If you've ever seen the movie The Scent of a Woman then you know why I wanted to learn to tango. Tango is sensual, passionate, and fiery. And when I began taking lessons, the dance was harder than I would've imagined.
Salsa was easy for me to learn. I picked it up almost instantaneously in the clubs -twirling and dipping with ease. But Tango is an art form that must be trained. Every student begins by learning to walk. In tango you slide your foot forward and lean your body over the weight of the front foot. Sounds easy, but not when your balance feels shaky and you might just teeter over. Backwards walking is even harder and there's nothing natural about the positioning.
And then there's the closeness. Argentine tango is not for the shy. It's done in close embrace and you lean your chests into one another for balance. You must rely completely on your partner because it's almost like those exercises in group training programs where you push against one another's hands at an angle and keep each other up. If one person pushes to hard the other will topple over. If one person gives in and lets go the other will fall on their face. This is tango - a partnership of balance that must be kept while moving around.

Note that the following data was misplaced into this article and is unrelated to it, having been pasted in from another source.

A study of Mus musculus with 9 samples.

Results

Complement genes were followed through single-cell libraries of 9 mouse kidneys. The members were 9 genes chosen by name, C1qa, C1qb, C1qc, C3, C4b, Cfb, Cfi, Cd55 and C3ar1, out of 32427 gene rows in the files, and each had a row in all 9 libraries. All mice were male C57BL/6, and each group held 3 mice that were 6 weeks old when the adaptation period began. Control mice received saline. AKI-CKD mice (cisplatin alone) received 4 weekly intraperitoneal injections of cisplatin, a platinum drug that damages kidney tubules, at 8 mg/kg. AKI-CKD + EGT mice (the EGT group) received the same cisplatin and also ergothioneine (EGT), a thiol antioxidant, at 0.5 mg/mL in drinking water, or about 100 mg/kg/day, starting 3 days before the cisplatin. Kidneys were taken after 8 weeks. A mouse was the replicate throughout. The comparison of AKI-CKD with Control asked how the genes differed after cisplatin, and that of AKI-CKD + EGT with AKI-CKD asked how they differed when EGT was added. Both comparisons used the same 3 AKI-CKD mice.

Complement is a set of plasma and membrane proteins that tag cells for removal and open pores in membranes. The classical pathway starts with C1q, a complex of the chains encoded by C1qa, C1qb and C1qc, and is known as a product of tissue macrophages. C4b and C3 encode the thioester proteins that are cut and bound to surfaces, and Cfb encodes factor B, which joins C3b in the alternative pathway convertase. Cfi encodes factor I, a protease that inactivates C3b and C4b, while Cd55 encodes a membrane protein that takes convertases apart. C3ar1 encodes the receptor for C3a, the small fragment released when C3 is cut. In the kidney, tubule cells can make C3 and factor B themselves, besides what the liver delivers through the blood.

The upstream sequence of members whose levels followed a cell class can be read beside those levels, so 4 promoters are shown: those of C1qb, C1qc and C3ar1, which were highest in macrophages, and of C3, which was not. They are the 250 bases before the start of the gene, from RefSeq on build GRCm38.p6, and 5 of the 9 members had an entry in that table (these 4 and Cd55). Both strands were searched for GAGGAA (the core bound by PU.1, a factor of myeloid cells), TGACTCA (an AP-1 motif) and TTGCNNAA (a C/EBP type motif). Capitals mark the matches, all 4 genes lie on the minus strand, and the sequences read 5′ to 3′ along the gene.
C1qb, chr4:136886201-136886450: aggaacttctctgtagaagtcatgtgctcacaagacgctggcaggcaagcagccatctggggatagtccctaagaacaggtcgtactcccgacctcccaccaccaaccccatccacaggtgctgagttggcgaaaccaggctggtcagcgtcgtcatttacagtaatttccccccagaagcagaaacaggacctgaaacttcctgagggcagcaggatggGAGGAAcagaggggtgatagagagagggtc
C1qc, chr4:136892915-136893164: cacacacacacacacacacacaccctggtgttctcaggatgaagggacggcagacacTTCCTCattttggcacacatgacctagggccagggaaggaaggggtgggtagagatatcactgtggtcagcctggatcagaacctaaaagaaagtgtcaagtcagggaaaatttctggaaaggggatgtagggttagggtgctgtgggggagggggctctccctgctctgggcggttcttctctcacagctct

But when done properly, when all the parts flow together and you lean gently into one another, feel the beat of the music and flow to its passionate rhythm you feel like you float on sensuality and grace.
I was lucky enough to go to a Milonga in Buenos Aires. Here a live band played incredible tango music. Master dancers moved together across the floor effortlessly in a swirl of heat. And it was here on this dance floor that I fell in love - no not with a man - but with the dance.
I will spend the rest of my life learning this dance. I'm not certain I will ever master its beauty for it takes so much time and practice. But forever I will be enchanted by its music and movement.
And maybe some day soon, I will find that perfect tango partner. The one that knows just the right lean and we will dance together forever.